What Happened To #NeverTrump?
A Koch candidate? Maybe...
I guess Romney and the other GOP Establishment anti-trymp die-hards can vote Libertarian in November and see if they can use a Gary Johnson/Bill Weld ticket as the honorable protest that could Nader Herr Trumpf. Apparently, after being turned down flat by Paul Ryan, John Kasich, Jeff Bezos and Ben Sasse, Romney has given up on finding an anti-Trump third party ticket of his own.
Mitt Romney has ruled out an independent bid for president and is not actively recruiting any more potential candidates to do so at the moment, though he remains hopeful someone will emerge, allies told Yahoo News Tuesday.
Romney “feels like America hangs in the balance. He’s very distraught about [Trump],” said one Romney adviser. “He thinks Trump is this vulgar, dangerous, principle-less, value-less opportunist-- putting it mildly.”
The 2012 Republican nominee for president has been the most outspoken GOP figure to consistently, steadfastly oppose Trump. Romney has been asked to consider running for president himself but did not seriously consider it, those who know him said. He remains alarmed at the prospect of a Trump candidacy, though, even as hope appears to be fading that an alternative will be found.
...The general lack of concern over Trump’s pattern of threatening rhetoric toward political opponents and critics is one of the main things that “freaks [Romney] out a little bit.”
“Where is the outrage?” said the Romney adviser. “This isn’t Venezuela. A politician can’t say ‘I don’t like the press coverage of this paper so I’m going to threaten the business of the person who owns it.’ That is [former Venezuelan President Hugo] Chavez.”
...And while Romney remains “motivated to help the ‘stop Trump’ cause,” a person involved in the stop-Trump discussions said that Romney is not calling or emailing any of the people who are still considering a run. A few potential candidates remain, the source said, although none at the moment are “live prospects.”
At The Atlantic yesterday, exasperated Republican publicist David Frum wrote about saving the party from Trump and Trumpism. "Republican primary voters have nominated Donald Trump," he wrote. "Republican politicians failed to stop them... Trump won the presidential nomination according to rules agreed in advance. Millions of their fellow Republicans have rightly or wrongly placed their faith in Donald Trump. If party leaders repudiate him, they’ll split the party-- and probably end up with the smaller piece." So what's a girl to do?
Bad choices over the past decade by Republican political leaders opened the way to Donald Trump, yes. For a decade, Republican voters have signaled they wanted to protect Medicare, cut immigration, fight fewer wars, and nominate no more Bushes. Their party leaders interpreted those signals as demands to cut Medicare, increase immigration, put boots on the ground in Syria, and nominate another Bush. Outdated ideology and obstinate donors impelled elected officials onto a disastrous path. More ideology and more obstinacy won’t rescue them from the cul-de-sac into which they walked themselves.Conservatives sometimes talk about just voting for Hillary. She's a Republican at heart anyway, so why not? She has more in common with their establishment than Trump does. After all, he's seriously insane and she's just a run of the mill political crook. But you never heard any GOP elites talking about voting for Bernie, do you? Oh, I know, plenty of rank-and-file voters may be thinking about it... but not the elites. Hiss "socialist," like they used to do at FDR.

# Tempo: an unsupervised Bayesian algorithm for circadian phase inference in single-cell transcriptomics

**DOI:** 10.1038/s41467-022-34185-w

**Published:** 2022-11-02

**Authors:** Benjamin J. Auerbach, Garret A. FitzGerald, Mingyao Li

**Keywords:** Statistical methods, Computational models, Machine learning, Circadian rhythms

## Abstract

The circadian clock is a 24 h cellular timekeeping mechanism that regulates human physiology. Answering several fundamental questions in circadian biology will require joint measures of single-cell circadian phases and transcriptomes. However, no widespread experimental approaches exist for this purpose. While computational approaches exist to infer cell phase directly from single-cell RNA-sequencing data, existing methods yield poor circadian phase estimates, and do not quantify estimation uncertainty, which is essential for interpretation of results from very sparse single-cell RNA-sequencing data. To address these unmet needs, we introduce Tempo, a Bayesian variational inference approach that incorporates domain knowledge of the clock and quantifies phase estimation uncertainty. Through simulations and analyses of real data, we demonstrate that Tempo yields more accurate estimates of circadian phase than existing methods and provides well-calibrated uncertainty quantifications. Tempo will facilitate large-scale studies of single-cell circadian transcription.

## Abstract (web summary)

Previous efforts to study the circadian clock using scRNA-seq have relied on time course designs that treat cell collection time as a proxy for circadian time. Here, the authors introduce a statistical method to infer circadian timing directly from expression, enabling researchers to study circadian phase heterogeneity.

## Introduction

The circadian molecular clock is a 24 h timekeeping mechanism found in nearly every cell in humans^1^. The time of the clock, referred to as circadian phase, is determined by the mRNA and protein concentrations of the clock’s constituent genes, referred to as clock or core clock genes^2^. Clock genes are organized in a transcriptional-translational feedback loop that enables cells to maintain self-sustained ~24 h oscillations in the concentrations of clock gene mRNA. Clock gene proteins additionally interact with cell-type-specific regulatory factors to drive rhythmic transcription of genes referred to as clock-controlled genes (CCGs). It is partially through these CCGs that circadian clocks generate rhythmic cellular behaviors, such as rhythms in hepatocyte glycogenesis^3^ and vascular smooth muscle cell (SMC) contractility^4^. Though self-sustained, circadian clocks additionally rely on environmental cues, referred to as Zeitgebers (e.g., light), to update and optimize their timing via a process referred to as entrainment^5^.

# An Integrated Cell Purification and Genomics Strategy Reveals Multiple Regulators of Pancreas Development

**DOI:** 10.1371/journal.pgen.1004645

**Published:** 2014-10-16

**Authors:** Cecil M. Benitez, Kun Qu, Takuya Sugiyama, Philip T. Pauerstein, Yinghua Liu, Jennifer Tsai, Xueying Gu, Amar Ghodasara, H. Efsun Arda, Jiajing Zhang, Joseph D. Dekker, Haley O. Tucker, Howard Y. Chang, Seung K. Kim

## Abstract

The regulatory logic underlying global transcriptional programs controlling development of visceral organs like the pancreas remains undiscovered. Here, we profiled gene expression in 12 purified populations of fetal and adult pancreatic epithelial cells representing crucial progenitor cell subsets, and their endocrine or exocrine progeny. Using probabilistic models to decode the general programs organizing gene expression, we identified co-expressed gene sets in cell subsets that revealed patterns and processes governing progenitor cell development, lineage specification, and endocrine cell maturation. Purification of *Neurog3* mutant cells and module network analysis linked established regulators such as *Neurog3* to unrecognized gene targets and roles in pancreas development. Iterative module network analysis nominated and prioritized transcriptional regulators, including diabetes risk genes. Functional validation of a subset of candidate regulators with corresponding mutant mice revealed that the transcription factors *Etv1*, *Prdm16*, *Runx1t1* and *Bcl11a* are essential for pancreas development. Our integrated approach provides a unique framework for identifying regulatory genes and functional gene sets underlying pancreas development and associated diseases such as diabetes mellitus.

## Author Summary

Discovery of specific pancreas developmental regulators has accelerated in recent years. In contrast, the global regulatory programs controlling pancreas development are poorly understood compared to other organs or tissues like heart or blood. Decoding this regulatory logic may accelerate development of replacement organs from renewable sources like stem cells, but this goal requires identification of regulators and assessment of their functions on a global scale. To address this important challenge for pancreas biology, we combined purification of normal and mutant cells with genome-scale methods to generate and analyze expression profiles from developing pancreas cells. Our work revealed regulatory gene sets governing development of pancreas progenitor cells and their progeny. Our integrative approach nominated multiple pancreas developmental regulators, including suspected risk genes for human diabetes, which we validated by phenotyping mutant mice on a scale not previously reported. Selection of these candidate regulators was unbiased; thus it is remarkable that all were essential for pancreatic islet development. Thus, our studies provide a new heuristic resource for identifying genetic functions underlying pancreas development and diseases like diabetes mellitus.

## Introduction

Their task ahead, in the Biblical phrase, is to pluck the brands from the fire-- rescue as much of their party as can be rescued-- while simultaneously minimizing the damage to party and country by the nominee their rank-and-file has imposed on them. They need to maneuver so that Trump’s defeat is as solitary as possible, and so that he cannot shift the blame for the failure he has earned onto the heads of others. They have to be ready to rebuild the day after the election, sifting through the Trump wreckage for what is fruitful for the future, discarding what is toxic, seeking to redirect the energies of his angry followers in ways productive for normal politics.
Trump’s taught Republican politicians that they’ve neglected the interests and values of their core supporters. He’s demonstrated that much of their party ideology is obsolete, and that their language no longer moves their voters. He’s proven that their party is less culturally conservative than they believed, less hostile to social insurance than they imagined, and more worried about the economic and social costs of mass migration than they realized. Those are valuable lessons that need to be absorbed and pondered.
He’s also demonstrated that he himself is a dangerous person, contemptuous of constitutional restrictions on the power of the presidency, hostile to fundamental freedoms, and worryingly impressed by foreign authoritarian rulers. To save themselves and their country, Republican politicians will have to rediscover the politician’s arts of deftness, flexibility, and self-preservation-- while stealthily hastening Trump toward the defeat that almost certainly awaits him in November.
That’s a big job and a hard job, all the harder because they cannot acknowledge what they are doing. They will seem to help Trump win, while actually working to ensure he fails. They will speak as if they support him, while redirecting resources away from his presidential effort to down-ballot races they want to win-- fully conscious that Trump will, if he can, do the opposite to them.